February 19. 2013 4:42PM


Efforts to get employees to fill out fuel logs have been successful, but the city continues to show shortages in gasoline and diesel, according to tabulations made by Ron Trimble, the city's director of purchasing.


Since July, the city cannot account for a total of 181.1 gallons of gasoline and 87.6 gallons of diesel fuel dispensed from the pumps, Trimble determined.


Trimble began keeping track of fuel usage after a Times Leader investigation revealed the city could not account for nearly 18,000 gallons of fuel that had been dispensed from Dec. 1, 2011 to June 22, 2012.


The newspaper's report prompted an investigation by the state Department of Revenue, which recently billed the city for $25,918 after determining nearly 67,000 gallons of fuel, which it obtains tax free, could not be accounted for from July 2010 to July 2012. A criminal investigation also is under way by the Luzerne County District Attorney's office.


Drew McLaughlin, administrative coordinator for the city, has acknowledged record-keeping had been lax, but said it has significantly improved in the past four months.


Previously no one reconciled log books against meters which show how much gasoline was used. Trimble now keeps daily registers in which he compares the number of gallons reported on handwritten logs to meter readings on the fuel pumps.


Those records, which the city provided to The Times Leader, show 42 gallons of gasoline and 46.8 gallons of diesel were unaccounted for in July. In August, 44.7 gallons of gas and 28.2 gallons of diesel were missing; in September, 70 gallons of gas and 8.7 gallons of diesel were missing and in October, 24.4 gallons of gas and 3.9 gallons of diesel were missing.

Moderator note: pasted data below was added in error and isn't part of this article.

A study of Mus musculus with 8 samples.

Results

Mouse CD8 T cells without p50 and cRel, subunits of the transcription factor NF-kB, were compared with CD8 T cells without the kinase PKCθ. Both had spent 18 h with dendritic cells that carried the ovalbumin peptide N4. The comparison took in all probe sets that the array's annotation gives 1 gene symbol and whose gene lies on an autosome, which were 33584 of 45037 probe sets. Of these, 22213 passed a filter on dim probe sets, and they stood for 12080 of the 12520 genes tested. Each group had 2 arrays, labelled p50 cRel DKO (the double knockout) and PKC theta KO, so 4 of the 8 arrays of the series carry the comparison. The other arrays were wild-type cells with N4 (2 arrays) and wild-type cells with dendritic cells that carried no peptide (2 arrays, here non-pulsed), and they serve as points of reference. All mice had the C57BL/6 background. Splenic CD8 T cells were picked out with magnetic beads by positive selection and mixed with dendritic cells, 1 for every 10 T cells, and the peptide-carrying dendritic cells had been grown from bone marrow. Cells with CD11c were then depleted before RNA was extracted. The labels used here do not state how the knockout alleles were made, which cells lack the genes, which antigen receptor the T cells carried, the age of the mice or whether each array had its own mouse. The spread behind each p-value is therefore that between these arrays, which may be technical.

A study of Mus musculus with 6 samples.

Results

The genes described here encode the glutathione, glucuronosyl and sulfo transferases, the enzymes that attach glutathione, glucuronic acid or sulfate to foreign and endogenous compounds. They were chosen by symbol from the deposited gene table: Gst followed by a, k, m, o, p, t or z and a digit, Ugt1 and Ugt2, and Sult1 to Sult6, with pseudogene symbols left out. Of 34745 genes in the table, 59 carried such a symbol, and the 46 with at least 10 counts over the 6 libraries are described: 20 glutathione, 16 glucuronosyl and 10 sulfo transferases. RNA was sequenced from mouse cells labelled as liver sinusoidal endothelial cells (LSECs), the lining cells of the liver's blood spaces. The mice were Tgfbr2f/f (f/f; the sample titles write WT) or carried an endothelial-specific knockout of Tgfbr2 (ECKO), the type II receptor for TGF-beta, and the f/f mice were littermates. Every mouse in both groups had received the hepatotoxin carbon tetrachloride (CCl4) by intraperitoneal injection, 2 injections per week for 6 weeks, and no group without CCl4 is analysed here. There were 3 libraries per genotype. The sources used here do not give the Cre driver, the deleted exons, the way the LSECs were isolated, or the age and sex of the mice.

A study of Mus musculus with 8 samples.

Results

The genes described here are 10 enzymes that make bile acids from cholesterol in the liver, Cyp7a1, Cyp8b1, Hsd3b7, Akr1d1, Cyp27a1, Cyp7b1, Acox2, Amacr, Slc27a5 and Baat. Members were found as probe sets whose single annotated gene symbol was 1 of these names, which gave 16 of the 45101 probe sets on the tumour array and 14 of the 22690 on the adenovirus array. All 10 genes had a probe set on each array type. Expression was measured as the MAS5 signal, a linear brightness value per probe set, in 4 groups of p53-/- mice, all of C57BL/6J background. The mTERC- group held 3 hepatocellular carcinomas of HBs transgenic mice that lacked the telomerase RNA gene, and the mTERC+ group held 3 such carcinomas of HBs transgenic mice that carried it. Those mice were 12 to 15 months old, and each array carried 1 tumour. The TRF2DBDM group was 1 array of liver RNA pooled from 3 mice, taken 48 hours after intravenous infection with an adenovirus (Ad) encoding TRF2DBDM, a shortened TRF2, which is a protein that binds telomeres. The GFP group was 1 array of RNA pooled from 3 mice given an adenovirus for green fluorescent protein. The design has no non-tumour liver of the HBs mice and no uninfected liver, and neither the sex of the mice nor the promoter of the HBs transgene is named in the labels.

Improvements made

The total, which equals 268.7 gallons, is far less than the thousands of gallons that were previously unaccounted for.


We are still coming up short, but it's significantly lower than it was in the past. We definitely are not satisfied with that, McLaughlin said. We need to have quality, accurate reporting on the manual logs.


McLaughlin said the city continues to stress the importance of filling out the logs, but officials are doubtful they will ever fully reconcile with meter readings because of human error.


In some cases the errors are understandable, he said.


A police officer could fill up with every intention of filling out the log, then he gets an emergency response call and forgets, McLaughlin said. With a system like this there is going to be a small percent of human error.


There are other instances in which employees were clearly remiss, he said.


Mayor Tom Leighton previously acknowledged that neither he nor Ken Pahler, a supervisor in the DPW department, filled out gas logs. After The Times Leader story appeared, the city investigated and discovered there were instances where other employees also neglected to fill out logs, said McLaughlin and Marie McCormick, city administrator.


For instance, McCormick said past logs revealed only sporadic entries for one of the city's garbage trucks.


We knew two packers were on the road. We looked at the log books and we'd see one packer was listed (as getting fuel) while the other was not, McCormick said. If both vehicles were on the road five days a week, you can reasonably assume they both had to fuel up at some point.


Appealing state citation

McCormick said that argument – that the fuel was used for city business – is the key point the city is advancing in its appeal of the Department of Revenue's citation. The city recently filed the appeal in hopes of getting the penalty reduced.


McLaughlin said the city is looking forward to the day when the handwritten logs will be eliminated. It recently contracted to purchase a key-operated electronic fuel-monitoring system.


It's not clear when that system, which is part of a $6 million contract to increase energy efficiency recently awarded to Johnson Controls, will be installed. McLaughlin said the entire project has been delayed to problems in obtaining financing.


The financing issues stem from the recent downgrade of the city's credit rating, which was tied in part to issues in disbursement of earned income taxes by Centax-Don Wilkinson.


McLaughlin said the city hopes to have those issues resolved soon. In the interim, Trimble will continue to monitor fuel usage.